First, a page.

A campaign to leave the European Union which was fronted by Nigel Farage and Arron Banks is facing an investigation into “potential offences under the law” over its referendum spending returns.
The official elections watchdog said it had decided to investigate Leave.EU following an assessment that there were “reasonable grounds” to suspect the law had been broken.
In a statement, the Electoral Commission said its inquiry would focus on whether the campaign group had received “impermissible" donations and whether its spending return was incomplete.
Today's announcement is politically motivated and the timing is intended to cause maximum damage just before the General Election
Arron Banks, Leave.EU chairman
It said: “The Electoral Commission has begun an investigation into Leave.EU's EU Referendum spending return.
“This followed an assessment which concluded that there were reasonable grounds to suspect that potential offences under the law may have occurred.
“The investigation is focused on whether one or more donations - including of services - accepted by Leave.EU was impermissible; and whether Leave.EU's spending return was complete.
“Once the investigation is complete, the commission will decide whether any breaches have occurred and, if so, what further action may be appropriate, in line with its enforcement policy.”
Leave.EU was originally set up by the millionaire UK Independence Party backer Mr Banks and had the support Mr Farage, the party's then leader.
It failed to win the designation to be the official Leave campaign in last year's referendum, losing out to the Vote Leave group spearheaded by Boris Johnson and other prominent Conservatives.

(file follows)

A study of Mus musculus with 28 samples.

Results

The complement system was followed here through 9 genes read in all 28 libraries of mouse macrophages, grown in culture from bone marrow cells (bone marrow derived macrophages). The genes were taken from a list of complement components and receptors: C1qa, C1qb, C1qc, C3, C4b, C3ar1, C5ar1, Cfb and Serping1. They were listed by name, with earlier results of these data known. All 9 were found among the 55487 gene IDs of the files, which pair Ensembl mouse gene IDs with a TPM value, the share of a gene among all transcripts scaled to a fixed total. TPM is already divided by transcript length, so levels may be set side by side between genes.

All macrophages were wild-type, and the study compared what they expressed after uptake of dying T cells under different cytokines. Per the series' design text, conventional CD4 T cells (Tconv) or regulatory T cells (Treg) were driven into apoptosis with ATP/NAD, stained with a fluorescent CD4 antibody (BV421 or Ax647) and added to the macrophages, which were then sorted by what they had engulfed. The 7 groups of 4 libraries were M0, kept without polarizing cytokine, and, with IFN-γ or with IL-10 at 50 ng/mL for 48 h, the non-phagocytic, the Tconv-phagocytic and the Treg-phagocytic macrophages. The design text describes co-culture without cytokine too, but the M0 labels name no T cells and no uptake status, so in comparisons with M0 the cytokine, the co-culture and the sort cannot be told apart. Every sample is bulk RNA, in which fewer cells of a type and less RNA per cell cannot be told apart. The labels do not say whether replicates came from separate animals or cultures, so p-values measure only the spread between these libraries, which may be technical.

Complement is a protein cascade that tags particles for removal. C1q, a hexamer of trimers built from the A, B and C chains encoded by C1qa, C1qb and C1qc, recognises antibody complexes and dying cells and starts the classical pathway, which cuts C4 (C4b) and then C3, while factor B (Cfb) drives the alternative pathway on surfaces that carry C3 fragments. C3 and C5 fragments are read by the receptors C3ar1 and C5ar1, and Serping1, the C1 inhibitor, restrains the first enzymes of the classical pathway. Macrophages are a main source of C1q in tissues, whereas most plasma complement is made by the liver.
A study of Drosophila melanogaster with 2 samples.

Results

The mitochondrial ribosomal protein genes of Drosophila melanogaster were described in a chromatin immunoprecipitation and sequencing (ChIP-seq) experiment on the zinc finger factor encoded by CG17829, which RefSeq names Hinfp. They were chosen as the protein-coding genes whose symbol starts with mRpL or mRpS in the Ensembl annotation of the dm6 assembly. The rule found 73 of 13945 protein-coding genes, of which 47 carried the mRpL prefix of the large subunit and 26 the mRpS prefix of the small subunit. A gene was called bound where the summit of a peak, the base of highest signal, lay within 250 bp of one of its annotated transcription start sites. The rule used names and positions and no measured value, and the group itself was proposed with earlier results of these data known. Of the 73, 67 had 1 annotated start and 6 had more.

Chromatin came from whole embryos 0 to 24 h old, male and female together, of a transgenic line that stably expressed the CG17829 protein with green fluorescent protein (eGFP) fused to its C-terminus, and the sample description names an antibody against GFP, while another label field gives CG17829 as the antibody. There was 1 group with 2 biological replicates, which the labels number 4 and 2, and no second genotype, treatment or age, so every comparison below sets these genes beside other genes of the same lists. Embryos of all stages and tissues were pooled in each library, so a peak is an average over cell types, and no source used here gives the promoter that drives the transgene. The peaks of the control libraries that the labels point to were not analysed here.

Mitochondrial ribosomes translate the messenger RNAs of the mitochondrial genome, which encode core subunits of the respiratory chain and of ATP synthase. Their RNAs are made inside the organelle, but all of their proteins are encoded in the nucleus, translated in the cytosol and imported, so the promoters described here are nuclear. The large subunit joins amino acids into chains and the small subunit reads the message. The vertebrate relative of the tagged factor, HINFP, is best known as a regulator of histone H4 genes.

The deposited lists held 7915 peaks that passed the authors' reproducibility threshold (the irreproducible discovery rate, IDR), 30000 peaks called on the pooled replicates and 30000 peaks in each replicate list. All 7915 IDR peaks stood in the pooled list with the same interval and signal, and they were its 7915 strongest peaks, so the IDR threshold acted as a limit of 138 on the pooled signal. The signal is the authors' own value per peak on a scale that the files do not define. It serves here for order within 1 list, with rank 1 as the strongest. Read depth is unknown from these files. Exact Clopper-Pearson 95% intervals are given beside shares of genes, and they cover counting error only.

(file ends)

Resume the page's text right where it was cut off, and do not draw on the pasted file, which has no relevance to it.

The Electoral Commission has previously announced that it is investigating the spending returns of both Vote Leave and the official Remain campaign, Britain Stronger In Europe, as well as a number of other groups involved in the campaign.
Leave.EU declared spending of £693,022 - close to the legal limit of £700,000 for the non-official campaign groups.
Leave.EU chairman Mr Banks claimed that the announcement from the watchdog was “politically motivated” and intended to “cause maximum damage” before the election.
He said: “Today's announcement is politically motivated and the timing is intended to cause maximum damage just before the General Election.
"We will not be co-operating any further with the Commission and we will see them in court.
"We have always said the Electoral Commission was the unofficial arm of the Remain campaign and they have proven our suspicions correct again today.
"It is however, worth noting that the Electoral Commission chose to ignore our complaint that the Commission allowed the government to issue a Remain campaign leaflet to every UK household packed with government-generated lies at a cost of £11million.
"The leaflet did not carry the legal imprint required and was delivered in Wales after the short period started because they forgot to translate it into Welsh! In effect, the government smashed the rules with the help of the Electoral Commission.”
Mr Banks is hoping that he will be approved on Wednesday next week as the UK Independence Party candidate for Clacton.
Mr Banks is due to meet with Ukip councillors on Monday in Clacton and has taken a lease on former MP’s Douglas Carswell’s shop in the town to be his campaign offices.
The former Ukip donor is due to meet with the party’s National Executive Committee on Wednesday for a hustings.
Andy Wigmore, a close associate, said Mr Banks will campaign the help of a pirate radio station broadcasting election messages from a former fishing trawler off the coast of Clacton if he is selected.
A trawler had been donated by pro-Leave supporting fishermen and could start broadcasting within weeks to the people of Clacton.
Mr Wigmore said: “It will not be Ukip FM. We are launching a pirate radio station for the election because Clacton is famous for its pirate radios.”
Pirate radio stations broadcast off the coast of Essex in the 1960s and 1970s. In 2014 pirate radio museum has opened on Clacton seafront.